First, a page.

Alien invaders get a bad press

Jun 10, 2013 by Alex Peel
Alien invaders get a bad press

A new study, published in Acta Oecologia, says many of the most damning claims about invaders are not backed up with hard evidence. This might be skewing priorities when it comes to dealing with them.

'Some invasive species are possibly getting a harder time than they deserve,' says Claire McLaughlan, a NERC-funded PhD student at the University of Cambridge, who led the study.

'It's an emotive subject but it needs to be looked at in a balanced way. For many of the species in the list of Europe's top ten worst invaders, we could find little evidence of their reported effects in the literature.'

'If this is the literature behind the worst species, then what is the evidence like for others?'

There are thought to be more than 12,000 non-native species in Europe. Having evolved under different competitive pressures, some can quickly overwhelm their new and become invasive.

These invaders can wreak havoc, out-competing their native and damaging the many economic, cultural and health benefits of nature, known as .

Alien invaders get a bad press

Several projects have been launched to tackle invasive species and protect those services, but there is only so much money available. To help prioritise spending, a group of European scientists put together a list of the 10 most damaging invasive species in Europe.

Sika deer, and all made the list, but McLaughlan and her team wanted to examine the evidence behind it.

They found that the damaging effects of invaders are often assumed, rather than based on hard evidence. Some , particularly those in environments which are already severely damaged, could even enhance ecosystem services.

'It's context-dependant,' explains McLaughlan. 'For example, with the zebra mussel, if they were to invade a stream full of rare, native species, they would obviously be very damaging.'

'But if they were to become established in a large man-made reservoir with very few species and an algae problem, they could help to process the algae and improve some ecosystem services.'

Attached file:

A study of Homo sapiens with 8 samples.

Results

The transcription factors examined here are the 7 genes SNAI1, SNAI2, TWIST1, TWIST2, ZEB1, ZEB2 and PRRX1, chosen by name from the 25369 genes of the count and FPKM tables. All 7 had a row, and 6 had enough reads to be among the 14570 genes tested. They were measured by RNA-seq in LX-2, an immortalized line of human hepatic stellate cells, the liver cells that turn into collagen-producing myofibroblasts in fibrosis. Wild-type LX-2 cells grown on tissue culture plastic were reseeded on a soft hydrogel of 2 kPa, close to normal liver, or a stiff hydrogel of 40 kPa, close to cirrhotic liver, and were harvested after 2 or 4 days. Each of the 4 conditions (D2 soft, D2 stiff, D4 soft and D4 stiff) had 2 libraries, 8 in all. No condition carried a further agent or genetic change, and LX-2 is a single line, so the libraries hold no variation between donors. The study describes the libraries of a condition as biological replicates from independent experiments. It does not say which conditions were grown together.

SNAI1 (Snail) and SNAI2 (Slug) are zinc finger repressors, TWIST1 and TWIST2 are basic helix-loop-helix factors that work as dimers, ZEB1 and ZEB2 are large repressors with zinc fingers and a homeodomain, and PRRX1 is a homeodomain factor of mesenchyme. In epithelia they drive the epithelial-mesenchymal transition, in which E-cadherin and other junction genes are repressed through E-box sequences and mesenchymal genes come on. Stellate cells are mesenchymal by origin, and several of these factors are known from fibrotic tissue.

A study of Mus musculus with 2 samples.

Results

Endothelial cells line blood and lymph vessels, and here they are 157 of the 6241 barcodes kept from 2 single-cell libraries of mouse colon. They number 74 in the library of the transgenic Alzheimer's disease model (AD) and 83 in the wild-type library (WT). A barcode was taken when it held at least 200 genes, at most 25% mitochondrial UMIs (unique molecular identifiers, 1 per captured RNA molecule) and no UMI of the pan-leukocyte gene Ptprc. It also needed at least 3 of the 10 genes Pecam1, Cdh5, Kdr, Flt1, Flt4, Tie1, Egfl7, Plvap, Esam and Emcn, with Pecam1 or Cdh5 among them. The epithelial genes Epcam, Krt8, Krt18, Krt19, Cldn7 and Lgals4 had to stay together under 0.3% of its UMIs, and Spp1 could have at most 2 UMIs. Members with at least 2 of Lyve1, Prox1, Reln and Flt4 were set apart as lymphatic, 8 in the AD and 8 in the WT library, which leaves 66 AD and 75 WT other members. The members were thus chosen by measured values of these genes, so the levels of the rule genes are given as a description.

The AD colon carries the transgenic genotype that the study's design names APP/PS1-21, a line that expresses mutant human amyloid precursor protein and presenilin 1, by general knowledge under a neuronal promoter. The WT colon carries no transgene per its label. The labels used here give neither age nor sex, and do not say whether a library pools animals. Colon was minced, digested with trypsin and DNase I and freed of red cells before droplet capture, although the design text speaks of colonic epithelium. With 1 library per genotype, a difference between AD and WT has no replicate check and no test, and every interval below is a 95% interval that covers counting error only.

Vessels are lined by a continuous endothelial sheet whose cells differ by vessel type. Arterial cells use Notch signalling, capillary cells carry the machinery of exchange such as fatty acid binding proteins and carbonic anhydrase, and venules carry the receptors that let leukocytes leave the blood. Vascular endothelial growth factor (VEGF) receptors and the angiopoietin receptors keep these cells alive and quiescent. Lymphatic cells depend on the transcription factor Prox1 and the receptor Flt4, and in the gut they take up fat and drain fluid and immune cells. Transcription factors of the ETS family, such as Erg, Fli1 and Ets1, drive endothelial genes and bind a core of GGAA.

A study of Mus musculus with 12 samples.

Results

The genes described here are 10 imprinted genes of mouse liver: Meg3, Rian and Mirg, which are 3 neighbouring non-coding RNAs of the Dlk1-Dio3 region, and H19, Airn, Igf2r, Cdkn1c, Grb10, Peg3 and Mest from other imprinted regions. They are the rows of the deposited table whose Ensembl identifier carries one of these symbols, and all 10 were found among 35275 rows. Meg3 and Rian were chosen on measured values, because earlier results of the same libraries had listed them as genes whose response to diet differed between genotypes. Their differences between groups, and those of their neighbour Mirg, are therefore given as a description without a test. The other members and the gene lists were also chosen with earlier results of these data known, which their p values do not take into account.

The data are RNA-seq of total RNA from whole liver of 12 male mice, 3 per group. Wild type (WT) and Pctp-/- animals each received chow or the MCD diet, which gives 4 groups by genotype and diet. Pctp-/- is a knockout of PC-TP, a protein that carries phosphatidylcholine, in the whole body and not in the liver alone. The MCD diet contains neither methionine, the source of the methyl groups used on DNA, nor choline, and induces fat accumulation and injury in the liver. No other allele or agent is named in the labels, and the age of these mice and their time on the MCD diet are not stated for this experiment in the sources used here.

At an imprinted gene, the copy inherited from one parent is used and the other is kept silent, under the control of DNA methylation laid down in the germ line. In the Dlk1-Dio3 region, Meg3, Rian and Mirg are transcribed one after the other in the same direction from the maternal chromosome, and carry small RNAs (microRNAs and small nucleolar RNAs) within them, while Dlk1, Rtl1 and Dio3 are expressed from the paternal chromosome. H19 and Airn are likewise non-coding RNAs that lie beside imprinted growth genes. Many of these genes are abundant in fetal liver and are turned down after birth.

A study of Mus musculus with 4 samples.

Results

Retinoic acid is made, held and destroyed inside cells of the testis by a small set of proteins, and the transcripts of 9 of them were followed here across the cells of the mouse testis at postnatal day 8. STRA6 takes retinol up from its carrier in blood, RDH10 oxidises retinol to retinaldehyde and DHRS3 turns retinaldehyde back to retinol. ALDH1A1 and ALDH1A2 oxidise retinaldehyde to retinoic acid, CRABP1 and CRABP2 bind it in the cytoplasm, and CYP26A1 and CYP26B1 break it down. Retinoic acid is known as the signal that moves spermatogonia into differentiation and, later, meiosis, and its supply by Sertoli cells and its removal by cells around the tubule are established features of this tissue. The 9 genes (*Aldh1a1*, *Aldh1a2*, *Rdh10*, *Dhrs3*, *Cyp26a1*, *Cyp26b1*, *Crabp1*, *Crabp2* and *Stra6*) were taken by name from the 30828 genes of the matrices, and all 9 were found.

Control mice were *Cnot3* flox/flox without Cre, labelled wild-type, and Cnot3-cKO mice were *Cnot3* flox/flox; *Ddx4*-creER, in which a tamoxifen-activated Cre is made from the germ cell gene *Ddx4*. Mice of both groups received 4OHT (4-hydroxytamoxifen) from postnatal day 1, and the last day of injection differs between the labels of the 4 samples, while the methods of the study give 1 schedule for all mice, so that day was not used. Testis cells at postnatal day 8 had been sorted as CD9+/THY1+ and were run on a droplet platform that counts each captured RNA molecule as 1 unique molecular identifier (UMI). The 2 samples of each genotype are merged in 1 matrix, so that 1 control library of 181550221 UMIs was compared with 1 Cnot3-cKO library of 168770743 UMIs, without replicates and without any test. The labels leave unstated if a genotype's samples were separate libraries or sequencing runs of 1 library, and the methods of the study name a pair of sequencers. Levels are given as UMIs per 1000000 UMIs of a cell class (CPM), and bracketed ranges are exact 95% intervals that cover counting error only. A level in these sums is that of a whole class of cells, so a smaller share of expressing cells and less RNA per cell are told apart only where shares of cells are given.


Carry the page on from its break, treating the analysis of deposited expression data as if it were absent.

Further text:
'We're not for a moment suggesting that you should introduce anywhere; prevention is always better than cure.'

'But with the species that are already there, there's only limited money available and we need new ways to prioritise which species we tackle. That has to be based on the evidence of their effects.'

McLaughlan's PhD research focusses on the invasive zebra mussel and its effects on the ecosystem services of UK reservoirs.

Explore further: Invaders' away-field advantage weaker than ecologists thought

More information: McLaughlan, C., Gallardo, B. and Aldridge, D. How complete is our knowledge of ecosystem services impacts of Europe's top 10 invasive species?, Acta Oecologia, 2013. DOI: 10.1016/j.actao.2013.03.005

1 / 5 (2) Jun 10, 2013
Even though the article admits that there is little, if any, evidence for the supposed or assumed "damaging" effects of the top 10 "invaders", the article goes on to promote the pseudoscience anyway. See the contradictory statements in the direct quote below:

For many of the species in the list of Europe's top ten worst invaders, we could find little evidence of their reported effects in the literature.'

'If this is the literature behind the worst species, then what is the evidence like for others?'

There are thought to be more than 12,000 non-native species in Europe. Having evolved under different competitive pressures, some can quickly overwhelm their new ecosystems and become invasive.


Didn't the author read the paper about which he is writing, or is he so invested in the pseudoscience that he cannot be objective even in the face of objective evidence?